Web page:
August 30, 2018 at 2:32 PM
Virginia’s 7th Congressional District race between Rep. Dave Brat (R) and Abigail Spanberger (D) has offered up a classic example of how a blunder can change the narrative of a close race. The Republican-aligned Congressional Leadership Fund was caught shopping Spanberger’s unredacted government background files (officially known as an SF-86) to the press.
Such information isn’t supposed to be in anyone’s hands outside of government, and, even then, on very limited grounds. This sent the Spanberger team into overdrive.
On a press call Wednesday afternoon, former CIA officer and Obama special assistant Ned Price said he was “absolutely floored” to learn unredacted copies of Spanberger’s files had been released via a Freedom of Information Act request.
The Office of Personnel Management states some information from the SF-86 may be released to “the news media or the general public,” but such disclosures are limited to “factual information the disclosure of which would be in the public interest and which would not constitute an unwarranted invasion of personal privacy.”
In other words, the CLF and America Rising, which filed the FOIA request, could have received some of the information it got from the Postal Service, where Spanberger was an inspector. But not the entire file, which includes Social Security information, medical and criminal histories, past employment information and much, much more.
Spanberger’s campaign wants the CLF to destroy any copies of the SF-86 form in its possession and is considering “all legal remedies” if the group does not comply.
On the press call, Price said the episode smacked of “political vengeance” and “retribution” from the Trump administration and called on Congress to investigate.
That may be a very big leap, considering the White House has shown little to no interest in the 7th District race.
Price admitted the release could have been a “clerical error,” though he added that was “difficult to believe.”
Except it might be the true, because the Postal Service took responsibility for the release, called it an “unfortunate error” and requested Spanberber’s file be returned.
The Postal Service also said there may have been additional incidents similar to Spanberger’s in which a “small number of additional requests for information from personnel files were improperly processed.”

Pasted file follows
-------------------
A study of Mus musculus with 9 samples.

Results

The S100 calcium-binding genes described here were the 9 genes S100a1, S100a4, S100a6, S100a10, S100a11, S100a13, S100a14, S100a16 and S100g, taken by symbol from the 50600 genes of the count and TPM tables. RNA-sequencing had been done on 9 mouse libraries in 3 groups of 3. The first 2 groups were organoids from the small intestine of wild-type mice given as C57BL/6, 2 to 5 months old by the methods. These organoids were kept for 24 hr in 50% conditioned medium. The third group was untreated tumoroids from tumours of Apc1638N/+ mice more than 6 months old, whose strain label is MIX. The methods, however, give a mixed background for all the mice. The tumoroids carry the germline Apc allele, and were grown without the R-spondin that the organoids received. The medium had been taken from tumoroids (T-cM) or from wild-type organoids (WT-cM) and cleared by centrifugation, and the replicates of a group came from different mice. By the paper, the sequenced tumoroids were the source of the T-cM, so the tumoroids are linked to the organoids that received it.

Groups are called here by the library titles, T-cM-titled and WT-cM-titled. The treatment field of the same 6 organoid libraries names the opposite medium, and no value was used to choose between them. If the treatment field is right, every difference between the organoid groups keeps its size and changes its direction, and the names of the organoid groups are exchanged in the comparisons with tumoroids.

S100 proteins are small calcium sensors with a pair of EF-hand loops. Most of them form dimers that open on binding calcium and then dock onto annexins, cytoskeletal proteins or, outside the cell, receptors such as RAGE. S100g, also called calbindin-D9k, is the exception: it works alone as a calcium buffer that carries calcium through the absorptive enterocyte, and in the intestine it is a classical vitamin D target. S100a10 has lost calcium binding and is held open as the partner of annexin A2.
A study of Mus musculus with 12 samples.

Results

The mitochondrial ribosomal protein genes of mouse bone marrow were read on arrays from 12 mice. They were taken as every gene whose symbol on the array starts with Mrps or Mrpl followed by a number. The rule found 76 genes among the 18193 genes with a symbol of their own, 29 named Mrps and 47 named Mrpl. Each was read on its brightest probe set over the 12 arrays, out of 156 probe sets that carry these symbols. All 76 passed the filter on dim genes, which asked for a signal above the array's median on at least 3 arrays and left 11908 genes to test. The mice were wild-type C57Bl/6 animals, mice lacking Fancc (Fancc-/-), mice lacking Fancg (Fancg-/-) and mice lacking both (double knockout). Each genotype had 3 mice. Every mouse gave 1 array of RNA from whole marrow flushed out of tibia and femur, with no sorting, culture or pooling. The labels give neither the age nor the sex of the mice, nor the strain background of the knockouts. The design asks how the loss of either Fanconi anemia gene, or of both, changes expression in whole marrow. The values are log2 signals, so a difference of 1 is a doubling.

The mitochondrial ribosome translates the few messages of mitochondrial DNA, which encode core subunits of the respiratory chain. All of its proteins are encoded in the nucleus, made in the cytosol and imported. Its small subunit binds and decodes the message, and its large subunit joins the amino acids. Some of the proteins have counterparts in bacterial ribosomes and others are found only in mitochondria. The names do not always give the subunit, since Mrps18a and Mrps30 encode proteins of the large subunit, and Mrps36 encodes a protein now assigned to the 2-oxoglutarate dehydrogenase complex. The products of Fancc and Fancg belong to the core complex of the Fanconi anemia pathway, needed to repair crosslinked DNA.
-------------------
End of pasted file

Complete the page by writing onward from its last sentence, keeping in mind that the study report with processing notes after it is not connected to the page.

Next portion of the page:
The big question is whether any of this changes the complexion of the 7th District race.
On balance, probably not. At least not yet.
One big question is how both America Rising and the CLF handled the information once it was in their hands.
Did they understand what they had? These aren’t political naïfs, so it’s hard to give either group a pass on that score. Worse, they shopped the document. Fair game if they had received a redacted copy. But the full form? Nope — that’s a foul, and they have no excuse for it.
Does any of this blow back on Brat, the incumbent?
The Post’s Laura Vozzella reported Brat’s campaign has no comment on the story — exactly the response it should have given.
But the story likely won’t help Brat in the Richmond suburbs, where he was always going to face a rough go on Election Day.
Yet because the CFL is pushing Spanberger’s teaching stint at the Islamic Saudi Academy — also dubbed “Terror High” because some academy students went off to join al-Qaeda — it might help Brat, at the margins, in the more rural, more Republican parts of the District.
And it’s at the margins where this race will be decided.
Getting to the bottom of it all may have to wait a while. House Oversight Committee members Gerald E. Connolly (D-Va.) and Elijah E. Cummings (D-Md.) have asked the Postal Service’s inspector general to investigate the matter. Such investigations take time.
But if the IG report, like the initial FOIA request itself, appears in record time, giving us a complete timeline of who did what and why, then we just might have a genuine scandal to round out the race.